Ode to Slytherin part 3: A Slytherin in Any Other House
02 April 2019
Welcome to the 3 part series where I will be discussing J.K. Rowling’s Wizarding World, and how much I love Slytherin. This is part 3 of the series. If you haven’t read the previous posts, please click part 1 or part 2 to read the previous installments. I decided to write on this topic in honour of Slytherin Appreciation Day, March 21st, but the initial post that I wrote became so long that creating a multi-part series became the best solution. So Slytherins and non-Slytherins alike, sit back and enjoy the ride.
Caution: There be spoilers ahead.
It may be true that many of the antagonistic characters from the series come from Slytherin house, but there are also many named Slytherin characters who did notably great deeds. Slytherin house just happens to attract and breed traits in people that make for great villain qualities. But these same traits make for great heroic qualities as well. Let’s take a look at some of these Slytherins who used their Slytherin traits for the power of good, bravery, and heroism.
Severus Snape, probably the most debated character in the Harry Potter series, has been interpreted as both villainous and heroic. The debate seems to be founded in whether his actions were for the side of good, or purely self-serving. But either way it is spun, his actions as a Slytherin cannot be ignored. Severus was probably the cleverest character in the whole of the Harry Potter series. He managed to not be a double, but a triple agent by the end of the series. Even his more extreme actions, such as killing Dumbledore, proved to be part of a greater plan against Voldemort, as seen through the character flashbacks in Harry Potter and the Deathly Hallows. It is through these flashbacks that we also see Severus’ deep sense of loyalty. Particularly towards Lily Potter (nee Evans), his childhood friend, and love of his life. Despite her being sorted into Gryffindor, and marrying his school enemy, Severus never lost the space in his heart for Lily, and desire to do right by her.
I spoke of Horace Slughorn’s resourcefulness in part 2, but it is important to take note of the bigger part he played in the story. Horace was born into a family of the ‘Sacred Twenty-Eight’, a branch of Witches and Wizards of absolute pure blood. But he did not hold an elitist attitude over half-blood or muggle-born. Instead, he saw the potential in all kinds, beyond their bloodlines, and embraced individuals accordingly. He also, despite his cowardice, had an innate sense of duty, despite trying to fight it. It is this sense of duty that compelled him to finally agree to Dumbledore’s request to become the new potions master, and that led him to join The Battle of Hogwarts at the end of the Second Wizarding War.
We only got to see Leta Lestrange play a small part in Fantastic Beasts the Crimes of Grindelwald, but that small part spoke volumes about her character. Though her backstory is tragic, and many of her actions self-serving, Leta demonstrates a big heart and strong sense of justice. As a student, she appeared to be quite the misfit amoung her peers, preferring instead the comfort and company of Hufflepuff Newt Scamander, and his affinity towards the misunderstood. In her career, Leta’s Slytherin ambition saw her rise in ranks at the Ministry of Magic, in the Department of Magical Law Enforcement. In the Crimes of Grindelwald, Leta goes out of her way to save Credence Barebone, a boy she owes quite little too, from her brother, Yusuf Kama’s misguided revenge prophecy. And in her last moments, Leta gives her life, standing against Grindelwald, to save the Scamander brothers.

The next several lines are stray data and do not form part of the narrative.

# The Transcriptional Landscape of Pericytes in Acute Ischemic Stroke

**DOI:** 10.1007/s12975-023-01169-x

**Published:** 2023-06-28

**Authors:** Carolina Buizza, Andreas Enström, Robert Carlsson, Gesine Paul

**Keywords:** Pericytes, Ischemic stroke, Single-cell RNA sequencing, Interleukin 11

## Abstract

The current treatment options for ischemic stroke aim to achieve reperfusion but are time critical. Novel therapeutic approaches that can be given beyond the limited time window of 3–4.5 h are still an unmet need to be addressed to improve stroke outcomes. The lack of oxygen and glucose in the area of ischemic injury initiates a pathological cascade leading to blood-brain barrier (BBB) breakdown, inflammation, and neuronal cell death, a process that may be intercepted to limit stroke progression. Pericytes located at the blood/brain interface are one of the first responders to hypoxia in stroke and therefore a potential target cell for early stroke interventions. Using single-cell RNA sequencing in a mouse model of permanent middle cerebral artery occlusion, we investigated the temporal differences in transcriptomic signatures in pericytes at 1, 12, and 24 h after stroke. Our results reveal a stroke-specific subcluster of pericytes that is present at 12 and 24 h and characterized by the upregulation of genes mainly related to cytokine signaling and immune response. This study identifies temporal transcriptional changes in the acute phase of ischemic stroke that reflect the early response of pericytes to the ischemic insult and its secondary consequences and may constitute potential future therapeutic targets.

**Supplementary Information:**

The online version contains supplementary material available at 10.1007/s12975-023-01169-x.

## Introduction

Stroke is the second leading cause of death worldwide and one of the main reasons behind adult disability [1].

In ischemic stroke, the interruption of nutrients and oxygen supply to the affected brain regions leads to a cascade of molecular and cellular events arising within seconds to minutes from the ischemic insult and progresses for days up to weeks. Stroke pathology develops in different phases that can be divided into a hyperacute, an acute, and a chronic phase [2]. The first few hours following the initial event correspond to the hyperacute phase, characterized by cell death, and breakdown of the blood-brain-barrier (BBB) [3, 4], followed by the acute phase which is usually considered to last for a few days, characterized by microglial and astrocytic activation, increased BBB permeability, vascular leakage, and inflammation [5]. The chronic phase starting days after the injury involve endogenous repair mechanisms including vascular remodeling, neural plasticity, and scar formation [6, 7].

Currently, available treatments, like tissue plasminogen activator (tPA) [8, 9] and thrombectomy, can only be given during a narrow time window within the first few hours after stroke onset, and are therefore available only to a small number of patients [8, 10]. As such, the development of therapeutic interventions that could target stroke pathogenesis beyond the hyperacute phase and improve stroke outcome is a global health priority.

Saving my personal favourite for last, Regulus Black, younger brother to Sirius Black, didn’t exactly have the best of reputations. Regulus was the pride of the Black family that Sirius never could be, and as such, had great expectation placed on him to follow in the pure blood family footsteps. This led Regulus to join the Death Eaters at a young age, much to the pride of his parents. But Regulus seemed to have a bigger heart than Sirius knew, and didn’t hold the unquestionable allegiance to Voldemort’s way of thinking that his parents probably thought he did. Regulus had an unusual friendship with the Black family house elf, Kreacher. So when he volunteered the use of Kreacher to Voldemort, chances are that Regulus didn’t know what Voldemort had planned. Upon Kreacher’s surprising return, half dead from the ordeal that Voldemort put the house elf through, Regulus’ allegiance tipped, unable to follow a master who could so easily throw away the lives of his subordinates. Regulus chose to make the last action of his life one of bravery and selflessness, sacrificing himself in order for Kreacher to retrieve one of Voldemort’s Horcruxes, in the hopes that when Voldemort finally met his match, he would be mortal once more.
I could go on. Andromeda Tonks, Merlin, even Slytherin house founder Salazar Slytherin, despite all his faults, are all notable Slytherins who broke the mold, did great things, or made huge and important impacts in the wizarding world. The point is, Slytherin house has produced more than villains throughout its existence. It is a house that produces ambitious, brilliant minds, and people who go on to do things that no one would expect from them, for the good, and for the bad. It is a house of unique individuals, who make their own choices, and follow their own moral compass, just as any of the other houses do.
Thanks for hanging with me on this three part rant about my love for the Wizarding World and Slytherin house. I had a lot of fun putting it together, and it definitely verified the amount of
obsession passion I have for the subject. I may even do something for the other houses in the future, we’ll see.